Original article from Kent Live
A Tunbridge Wells community larder has been helping to both reduce food poverty in the area and save surplus supermarket food from going to waste.
Rusthall Community Larder was set up in January with the intention of helping those in need in the village – unlike food banks, people do not have to qualify to use the community larder and there are no restrictions on the amount of food they can take.
Local businesses package up their short-dated and surplus food for Rusthall Community Larder to collect and distribute amongst the community.
Volunteer Alex Britcher-Allan said: "It's about combatting both food poverty and food waste.
The Community Larder was set up earlier this year in light of the financial struggles faced by many during the coronavirus lockdowns.
Volunteer Björn Simpole added: "Food banks are very much for emergencies, this is intended as a model to support people regularly.
"During the pandemic, people who wouldn't normally qualify for food banks found themselves struggling financially.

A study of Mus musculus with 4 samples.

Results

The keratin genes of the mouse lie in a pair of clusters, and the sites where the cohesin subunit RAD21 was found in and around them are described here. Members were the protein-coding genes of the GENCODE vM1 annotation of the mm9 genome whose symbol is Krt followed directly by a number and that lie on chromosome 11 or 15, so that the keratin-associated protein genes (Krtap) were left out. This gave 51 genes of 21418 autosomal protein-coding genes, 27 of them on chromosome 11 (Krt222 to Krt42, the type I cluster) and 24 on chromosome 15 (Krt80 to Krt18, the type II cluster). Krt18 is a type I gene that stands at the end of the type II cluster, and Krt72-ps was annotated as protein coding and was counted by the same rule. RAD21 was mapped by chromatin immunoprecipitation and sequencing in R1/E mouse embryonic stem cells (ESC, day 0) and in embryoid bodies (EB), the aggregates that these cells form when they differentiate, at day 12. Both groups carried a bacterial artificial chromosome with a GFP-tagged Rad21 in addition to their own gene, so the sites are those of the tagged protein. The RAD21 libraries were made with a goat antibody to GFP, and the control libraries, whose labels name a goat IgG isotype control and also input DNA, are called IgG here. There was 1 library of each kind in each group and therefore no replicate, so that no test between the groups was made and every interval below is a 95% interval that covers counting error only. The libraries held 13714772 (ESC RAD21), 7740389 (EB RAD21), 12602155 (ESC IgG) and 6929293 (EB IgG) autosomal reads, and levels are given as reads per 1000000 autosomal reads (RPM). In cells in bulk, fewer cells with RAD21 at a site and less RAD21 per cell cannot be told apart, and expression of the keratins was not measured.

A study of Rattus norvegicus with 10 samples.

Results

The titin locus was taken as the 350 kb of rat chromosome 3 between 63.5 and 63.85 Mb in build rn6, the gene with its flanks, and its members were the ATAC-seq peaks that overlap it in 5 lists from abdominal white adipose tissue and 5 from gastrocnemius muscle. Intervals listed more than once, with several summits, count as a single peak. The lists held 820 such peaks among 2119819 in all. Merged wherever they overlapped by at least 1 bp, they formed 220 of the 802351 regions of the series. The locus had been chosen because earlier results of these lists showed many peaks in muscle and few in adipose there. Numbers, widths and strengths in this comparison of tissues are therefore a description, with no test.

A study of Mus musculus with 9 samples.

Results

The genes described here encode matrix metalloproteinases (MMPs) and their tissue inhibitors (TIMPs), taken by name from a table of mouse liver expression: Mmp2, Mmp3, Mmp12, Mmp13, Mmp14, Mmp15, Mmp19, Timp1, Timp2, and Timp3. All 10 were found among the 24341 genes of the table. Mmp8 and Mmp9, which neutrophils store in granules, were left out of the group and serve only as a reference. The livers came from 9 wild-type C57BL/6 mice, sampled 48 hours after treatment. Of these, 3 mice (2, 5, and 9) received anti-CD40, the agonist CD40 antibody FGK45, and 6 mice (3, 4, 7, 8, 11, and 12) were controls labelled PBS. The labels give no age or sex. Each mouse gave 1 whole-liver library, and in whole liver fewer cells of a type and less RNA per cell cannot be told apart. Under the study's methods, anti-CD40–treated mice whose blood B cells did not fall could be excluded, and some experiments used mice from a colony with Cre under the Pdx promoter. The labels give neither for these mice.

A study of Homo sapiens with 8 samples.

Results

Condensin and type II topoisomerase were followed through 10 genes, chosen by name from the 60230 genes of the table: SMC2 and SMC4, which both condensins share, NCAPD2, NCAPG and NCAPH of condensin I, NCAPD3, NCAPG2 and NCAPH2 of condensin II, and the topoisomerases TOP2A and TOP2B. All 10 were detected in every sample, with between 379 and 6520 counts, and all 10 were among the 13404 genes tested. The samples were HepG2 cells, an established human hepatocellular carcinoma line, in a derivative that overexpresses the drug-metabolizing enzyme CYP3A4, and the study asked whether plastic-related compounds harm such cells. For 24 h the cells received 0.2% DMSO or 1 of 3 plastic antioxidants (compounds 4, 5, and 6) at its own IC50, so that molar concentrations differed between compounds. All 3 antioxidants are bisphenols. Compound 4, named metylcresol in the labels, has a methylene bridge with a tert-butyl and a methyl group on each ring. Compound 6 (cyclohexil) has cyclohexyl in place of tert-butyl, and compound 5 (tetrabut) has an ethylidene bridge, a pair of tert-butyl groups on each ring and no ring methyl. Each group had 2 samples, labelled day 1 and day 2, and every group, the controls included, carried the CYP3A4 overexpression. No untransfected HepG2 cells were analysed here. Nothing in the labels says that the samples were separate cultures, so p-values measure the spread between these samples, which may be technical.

"They couldn't get support and weren't eligible for furlough."
But as well as hoping those struggling for food, Rusthall Community Larder also has a green agenda.
By accepting donations of produce nearing its sell-by date, they have saved over 5.5 tonnes of food from being binned.
Many local businesses have got involved and regularly donate their surplus produce, including Morrisons Crowborough, Groombridge Bakery, Lidl and Iceland.
According to Alex, the environmental focus has also reduced the stigma associated with using food banks.
People from all walks of life have visited the larder to do their bit for the environment, making it easier for those in need to visit without feeling ashamed or judged.
And if the food isn't collected, Rusthall Community Larder make sure it still doesn't go to waste by donating it to feed farm animals and horses.
The project has been received well by the local community, with around 45 to 50 people visiting each week.
Local residents have joined the supermarkets in donating their surplus food via the larder's donation bins, and groups such as Rusthall Football Club have raised funds to help support the project.
The larder is run entirely by volunteers at St Paul's Church Centre on Rusthall Road.
They ask for a donation of £2 to help fund their work, but this is optional.
There are other Community Larders held at locations across Tunbridge Wells, including St Mark's Church Hall in Broadwater Down, Tunbridge Wells Baptist Church on Upper Grosvenor Road, St Phillip's Church in Sherwood, St Matt's Church in High Brooms, and Christ Church in Southborough.